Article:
The Queen Street East Visioning Study was born in part out of the wildly negative community reaction to the Lick’s condo development (1960 Queen St E). A similar community backlash is currently underway on the other end of the city on Ossington. The study is intended to balance the city’s Official Plan (which calls for density intensification) and the wants of the community (which wants to preserve the small-town feel of Queen St E).
In the wake of the Lick’s condo being passed, residents are looking for planning and design guidelines with teeth to encourage development more fitting the small town feel of the strip, and to fight development perceived to be ungainly and detrimental to the area’s character.
Last night marked the second of three community meetings to collect community input. Around a hundred Beach(es) area residents sat around tables with maps of Queen Street from Coxwell in the west and Victoria Park and the R.C. Harris Treatment Plant in the east.
Along the wall were photos taken of the north and south sides of the street, upon which constituents at the first community meeting had added comments and stickers – green ones around spaces they liked, red ones around points of frustration. The exercise proved telling in that the green circles populated heritage sites (most notably the Fire Station 227, generally accepted as the Beach’s west end landmark, churches, and the Fox Theatre in the east end). Red circles congregated around empty lots and past condo development, derided as sprawling masses with retail spaces that see constant turnover.
The evening started with a discussion about whether a one-size-fits all policy would work for the entire stretch or if different parts of Queen St E needed different guidelines. Little consensus could be felt in the room, as some argued the area should be treated as one unified street whereas others felt the 3km strip called for as many as seven different divisions. Some voiced frustration that the consultation process was even asking this question, feeling like distracted by the nitty-gritty rather than focusing on the more important topics of heritage, development allowance, and infrastructure.
Nicole Swerhun, the Independent Facilitator engaged for the Queen Street East Visioning Study, defended the process and expertly navigated residents’ concerns, bringing the discussion back around to constructive thought.
Later in the evening the topics moved to height restrictions, building materials, step-backs and massing. Still disappointed with the passing of the six-storey Lick’s condo, some residents insisted that a three-storey height limit was the only option, to deter large-scale development and maintain the small-town feel. Others looked to compromise, arguing instead that extra height would not damage the street’s character so long as upper storeys were stepped back from the street, giving the impression of less height, and so as not to overshadow the street.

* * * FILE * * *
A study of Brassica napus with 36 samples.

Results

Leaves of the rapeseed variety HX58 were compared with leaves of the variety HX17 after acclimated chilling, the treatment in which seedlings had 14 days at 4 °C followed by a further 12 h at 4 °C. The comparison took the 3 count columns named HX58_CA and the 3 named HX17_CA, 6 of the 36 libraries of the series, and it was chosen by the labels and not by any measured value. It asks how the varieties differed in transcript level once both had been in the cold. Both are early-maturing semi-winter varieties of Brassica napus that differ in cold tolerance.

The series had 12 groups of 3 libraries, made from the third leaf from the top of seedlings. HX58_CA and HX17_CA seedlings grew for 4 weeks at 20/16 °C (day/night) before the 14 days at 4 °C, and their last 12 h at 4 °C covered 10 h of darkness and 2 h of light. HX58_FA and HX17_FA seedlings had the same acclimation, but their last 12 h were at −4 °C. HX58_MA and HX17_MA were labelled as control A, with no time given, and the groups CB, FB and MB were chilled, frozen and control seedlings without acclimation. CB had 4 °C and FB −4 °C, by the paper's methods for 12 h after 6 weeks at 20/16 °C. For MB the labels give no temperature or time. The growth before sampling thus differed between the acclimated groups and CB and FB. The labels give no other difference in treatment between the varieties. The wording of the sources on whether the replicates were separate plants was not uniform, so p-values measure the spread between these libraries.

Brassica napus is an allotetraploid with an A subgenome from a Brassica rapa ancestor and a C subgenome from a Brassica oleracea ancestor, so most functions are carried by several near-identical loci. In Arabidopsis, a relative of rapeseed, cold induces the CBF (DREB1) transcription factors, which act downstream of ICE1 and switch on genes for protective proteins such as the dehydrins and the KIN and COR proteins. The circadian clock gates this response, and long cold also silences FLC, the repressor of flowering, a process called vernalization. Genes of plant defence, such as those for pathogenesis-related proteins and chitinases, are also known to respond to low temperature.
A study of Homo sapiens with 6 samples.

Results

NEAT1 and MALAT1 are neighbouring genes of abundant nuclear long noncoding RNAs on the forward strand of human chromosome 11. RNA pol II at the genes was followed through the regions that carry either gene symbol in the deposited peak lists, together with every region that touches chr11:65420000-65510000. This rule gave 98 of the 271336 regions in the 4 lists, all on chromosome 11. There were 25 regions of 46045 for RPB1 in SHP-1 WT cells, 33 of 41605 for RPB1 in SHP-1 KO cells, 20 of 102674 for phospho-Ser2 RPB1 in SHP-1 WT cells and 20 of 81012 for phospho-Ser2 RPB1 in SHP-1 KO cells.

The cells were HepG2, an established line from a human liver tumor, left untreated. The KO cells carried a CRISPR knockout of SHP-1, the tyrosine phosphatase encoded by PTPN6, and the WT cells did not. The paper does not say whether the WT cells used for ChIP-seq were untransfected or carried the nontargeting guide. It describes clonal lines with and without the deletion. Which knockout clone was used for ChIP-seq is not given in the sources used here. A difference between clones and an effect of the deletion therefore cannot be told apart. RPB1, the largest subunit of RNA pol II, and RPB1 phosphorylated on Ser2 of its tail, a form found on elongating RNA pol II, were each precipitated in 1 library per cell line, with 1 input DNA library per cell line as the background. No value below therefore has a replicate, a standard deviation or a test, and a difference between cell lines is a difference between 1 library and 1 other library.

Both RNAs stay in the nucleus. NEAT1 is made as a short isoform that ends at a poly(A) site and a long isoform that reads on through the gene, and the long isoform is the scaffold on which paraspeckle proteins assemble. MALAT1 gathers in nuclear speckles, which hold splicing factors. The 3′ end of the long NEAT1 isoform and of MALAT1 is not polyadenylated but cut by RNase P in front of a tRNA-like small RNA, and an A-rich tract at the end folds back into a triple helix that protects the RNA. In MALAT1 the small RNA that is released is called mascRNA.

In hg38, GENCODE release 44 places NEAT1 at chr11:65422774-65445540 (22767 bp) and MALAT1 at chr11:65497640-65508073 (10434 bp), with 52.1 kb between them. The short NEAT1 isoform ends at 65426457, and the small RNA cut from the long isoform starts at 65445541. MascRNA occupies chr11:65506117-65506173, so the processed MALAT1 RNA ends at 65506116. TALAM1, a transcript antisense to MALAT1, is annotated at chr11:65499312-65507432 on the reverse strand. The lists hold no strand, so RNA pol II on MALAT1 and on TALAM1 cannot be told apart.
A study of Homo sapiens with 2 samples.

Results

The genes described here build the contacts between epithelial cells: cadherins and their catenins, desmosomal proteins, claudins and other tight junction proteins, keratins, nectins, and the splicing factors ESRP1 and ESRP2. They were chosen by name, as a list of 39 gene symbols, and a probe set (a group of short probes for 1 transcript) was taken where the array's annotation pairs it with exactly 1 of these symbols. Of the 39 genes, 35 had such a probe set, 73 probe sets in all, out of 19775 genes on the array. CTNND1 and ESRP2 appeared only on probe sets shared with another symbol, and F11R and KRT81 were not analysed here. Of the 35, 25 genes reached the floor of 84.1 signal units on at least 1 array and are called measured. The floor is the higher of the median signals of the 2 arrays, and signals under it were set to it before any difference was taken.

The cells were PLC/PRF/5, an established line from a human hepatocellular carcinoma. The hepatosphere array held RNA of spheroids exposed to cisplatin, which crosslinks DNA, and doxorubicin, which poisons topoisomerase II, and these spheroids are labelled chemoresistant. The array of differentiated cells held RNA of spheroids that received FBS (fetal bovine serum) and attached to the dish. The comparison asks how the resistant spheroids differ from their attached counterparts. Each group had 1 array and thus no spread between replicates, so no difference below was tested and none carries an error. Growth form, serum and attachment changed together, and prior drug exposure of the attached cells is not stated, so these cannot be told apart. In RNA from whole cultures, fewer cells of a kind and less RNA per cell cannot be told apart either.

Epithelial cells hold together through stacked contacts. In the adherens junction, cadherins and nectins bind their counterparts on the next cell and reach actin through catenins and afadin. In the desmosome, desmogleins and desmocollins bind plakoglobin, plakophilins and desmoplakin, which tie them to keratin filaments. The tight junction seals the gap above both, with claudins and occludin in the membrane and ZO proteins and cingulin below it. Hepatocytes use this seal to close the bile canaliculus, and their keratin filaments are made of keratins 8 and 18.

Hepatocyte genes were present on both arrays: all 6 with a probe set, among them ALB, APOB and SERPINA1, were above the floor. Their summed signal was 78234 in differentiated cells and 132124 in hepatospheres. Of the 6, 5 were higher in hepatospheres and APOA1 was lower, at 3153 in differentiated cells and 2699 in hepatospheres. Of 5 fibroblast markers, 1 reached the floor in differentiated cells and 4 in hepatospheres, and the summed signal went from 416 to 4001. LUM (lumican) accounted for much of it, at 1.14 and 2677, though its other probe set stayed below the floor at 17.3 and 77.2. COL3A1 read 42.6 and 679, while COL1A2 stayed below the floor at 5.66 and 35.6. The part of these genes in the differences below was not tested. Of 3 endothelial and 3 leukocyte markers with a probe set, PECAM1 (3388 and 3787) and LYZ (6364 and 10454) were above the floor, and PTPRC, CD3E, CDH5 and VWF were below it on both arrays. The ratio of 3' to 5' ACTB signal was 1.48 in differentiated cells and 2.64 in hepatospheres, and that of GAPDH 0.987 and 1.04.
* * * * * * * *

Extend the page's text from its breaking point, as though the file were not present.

Although the Official Plan calls for intensification along Avenues (identifying Queen St E as such) several citizens pointed out the language of the Official Plan does not require Avenues to seek or approve intensification. The point was made that as the Beach draws thousands of tourists from the rest of Toronto and beyond because of its small town charm, it should be exempt from the density called for by the Official Plan.
The importance of preserving Queen St E’s main street feel was likened to that of protecting old growth forests and endangered species. That developers were eyeing the lucrative potential along Queen St E, an area undeniably underdeveloped compared to some other parts of the city, was reason enough to limit and even deter intensification.
One resident hinted at the NIMBYist spirit of much of the night’s arguments. Was it fair, he asked, that the sanctity of Queen Street East be preserved, thereby forcing development to the surrounding areas? Should one area be considered sacrosanct to the detriment of its neighbouring hoods? The room’s response was not supportive.
Another resident’s poetic diatribe asked the room what character they were attempting to capture. The area had once been cottage country, then a distant tourist attraction, and now a built-up community. The Queen Street East Visioning Study should be forward thinking in accommodating inevitable growth and development. It should not merely fit the preferences of its current residents, but suit the needs of the city and future residents.
At the close of the night, little consensus was made on any of the topics brought forward by the consultation team. Consensus did not seem to be the aim, as the consultants were looking more for opportunities of compromise. Fortunately there is a third community meeting on September 19, 2012, set to bring the community involvement in the Queen Street Visioning Study to a thrilling conclusion.
More information about the Queen Street Visioning Study can be found at the City of Toronto’s website here. You can also get in touch with Kate Green of SWERHUN Facilitations & Decision Support at firstname.lastname@example.org and at (416) 572-4365.